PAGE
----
Re: Lease option to owner in foreclosure - Posted by JPiper
Posted by JPiper on December 21, 2000 at 13:47:59:
I think Nate below gives you some good advise.
My suggestion to you would be to familiarize yourself with the California laws concerning “equity purchasers”, “equity sellers”, and “foreclosure consultants” for properties that are in foreclosure.
In particular I would suggest that you do some reading at findlaw.com. Click on the state section and go to California. There I would search out California Civil Code Section 1695-1695.17. A violation of this act can result in some very severe penalties, both financial and criminal.
Here’s part of those sections:
1695.12. In any transaction in which an equity seller purports to grant a residence in foreclosure to an equity purchaser by any instrument which appears to be an absolute conveyance and reserves to himself or herself or is given by the equity purchaser an option to repurchase, such transaction shall create a presumption affecting the burden of proof, which may be overcome by clear and convincing evidence to the contrary that the transaction is a loan transaction, and the purported absolute conveyance is a mortgage; however, such presumption shall not apply to a bona fide purchaser or encumbrancer for value without notice of a violation of this chapter, and knowledge on the part of any such person or entity that the property was “residential real property in foreclosure” shall not constitute notice of a violation of this chapter. This section shall not be deemed to abrogate any duty of inquiry which exists as to rights or interests of persons in possession of the residential real property in foreclosure.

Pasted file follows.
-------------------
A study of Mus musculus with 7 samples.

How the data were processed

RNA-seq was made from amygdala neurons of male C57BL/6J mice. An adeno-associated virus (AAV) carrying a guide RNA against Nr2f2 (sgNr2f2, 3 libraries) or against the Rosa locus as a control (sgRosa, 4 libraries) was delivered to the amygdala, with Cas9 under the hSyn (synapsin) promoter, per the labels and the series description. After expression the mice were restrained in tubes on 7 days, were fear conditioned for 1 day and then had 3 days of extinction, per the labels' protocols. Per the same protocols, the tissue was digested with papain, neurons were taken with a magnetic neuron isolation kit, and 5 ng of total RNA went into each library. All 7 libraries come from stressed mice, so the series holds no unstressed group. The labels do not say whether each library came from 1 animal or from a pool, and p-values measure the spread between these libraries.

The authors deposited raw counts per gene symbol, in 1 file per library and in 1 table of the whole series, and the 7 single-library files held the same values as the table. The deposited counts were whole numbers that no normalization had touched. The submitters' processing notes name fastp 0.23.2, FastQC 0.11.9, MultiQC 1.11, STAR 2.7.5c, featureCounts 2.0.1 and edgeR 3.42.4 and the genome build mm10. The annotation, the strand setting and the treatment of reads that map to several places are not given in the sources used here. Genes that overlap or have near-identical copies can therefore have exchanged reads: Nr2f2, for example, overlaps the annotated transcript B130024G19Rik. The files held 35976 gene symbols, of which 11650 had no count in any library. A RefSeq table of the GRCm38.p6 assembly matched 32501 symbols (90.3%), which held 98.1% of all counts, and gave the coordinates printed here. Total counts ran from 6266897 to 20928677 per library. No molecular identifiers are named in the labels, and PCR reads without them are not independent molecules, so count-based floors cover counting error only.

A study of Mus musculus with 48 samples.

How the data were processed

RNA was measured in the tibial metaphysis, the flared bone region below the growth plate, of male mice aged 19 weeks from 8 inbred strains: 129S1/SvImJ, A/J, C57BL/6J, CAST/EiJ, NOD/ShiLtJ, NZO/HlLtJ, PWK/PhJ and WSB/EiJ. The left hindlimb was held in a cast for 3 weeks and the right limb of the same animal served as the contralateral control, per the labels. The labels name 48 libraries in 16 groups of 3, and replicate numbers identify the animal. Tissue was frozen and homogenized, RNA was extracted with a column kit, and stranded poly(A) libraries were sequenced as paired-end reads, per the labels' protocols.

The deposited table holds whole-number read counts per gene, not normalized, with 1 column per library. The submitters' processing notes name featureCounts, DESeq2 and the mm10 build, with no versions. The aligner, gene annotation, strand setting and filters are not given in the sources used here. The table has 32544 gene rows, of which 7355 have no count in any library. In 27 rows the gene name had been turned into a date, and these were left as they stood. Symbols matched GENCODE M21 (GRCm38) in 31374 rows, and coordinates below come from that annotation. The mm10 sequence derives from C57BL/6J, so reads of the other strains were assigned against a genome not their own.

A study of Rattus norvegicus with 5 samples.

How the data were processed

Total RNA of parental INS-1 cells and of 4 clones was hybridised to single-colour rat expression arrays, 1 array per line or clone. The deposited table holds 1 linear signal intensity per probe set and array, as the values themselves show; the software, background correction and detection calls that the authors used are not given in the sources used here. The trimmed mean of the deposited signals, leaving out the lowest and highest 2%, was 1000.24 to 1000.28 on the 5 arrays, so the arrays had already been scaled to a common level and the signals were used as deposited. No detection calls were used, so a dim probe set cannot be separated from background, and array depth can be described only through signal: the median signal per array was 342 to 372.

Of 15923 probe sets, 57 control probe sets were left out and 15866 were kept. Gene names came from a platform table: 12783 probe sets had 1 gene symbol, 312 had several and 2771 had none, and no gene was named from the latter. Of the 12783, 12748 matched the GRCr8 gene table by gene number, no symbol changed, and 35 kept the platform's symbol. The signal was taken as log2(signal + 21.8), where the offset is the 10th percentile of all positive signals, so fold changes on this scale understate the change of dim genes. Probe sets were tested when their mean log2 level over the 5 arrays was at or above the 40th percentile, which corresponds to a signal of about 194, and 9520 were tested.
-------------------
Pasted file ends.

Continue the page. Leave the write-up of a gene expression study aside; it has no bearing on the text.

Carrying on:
1695.13. It is unlawful for any person to initiate, enter into, negotiate, or consummate any transaction involving residential real property in foreclosure, as defined in Section 1695.1, if such person, by the terms of such transaction, takes unconscionable advantage of the property owner in foreclosure.
Obviously a leaseback falls squarely within this act. Further, ANY transaction done on a property in foreclosure falls under this act as well…to include the PacTrust. All require you to meet the requirements of the act. After you have read this information my best advice would be to get with an attorney in California who is familiar with the foreclosure laws there to make sure you are not placing yourself in a vulnerable position.
Personally, I would not consider doing a lease/option back to the seller in California. My view would be to acquire the property and have the seller move on. But there is also case law in California concerning a lease/back situation where the investor was taken to the cleaners…unfortunately I don’t remember the name of the case. For some reason the name Onofrio sticks in the back of my mind, but that may be an old memory acting up too.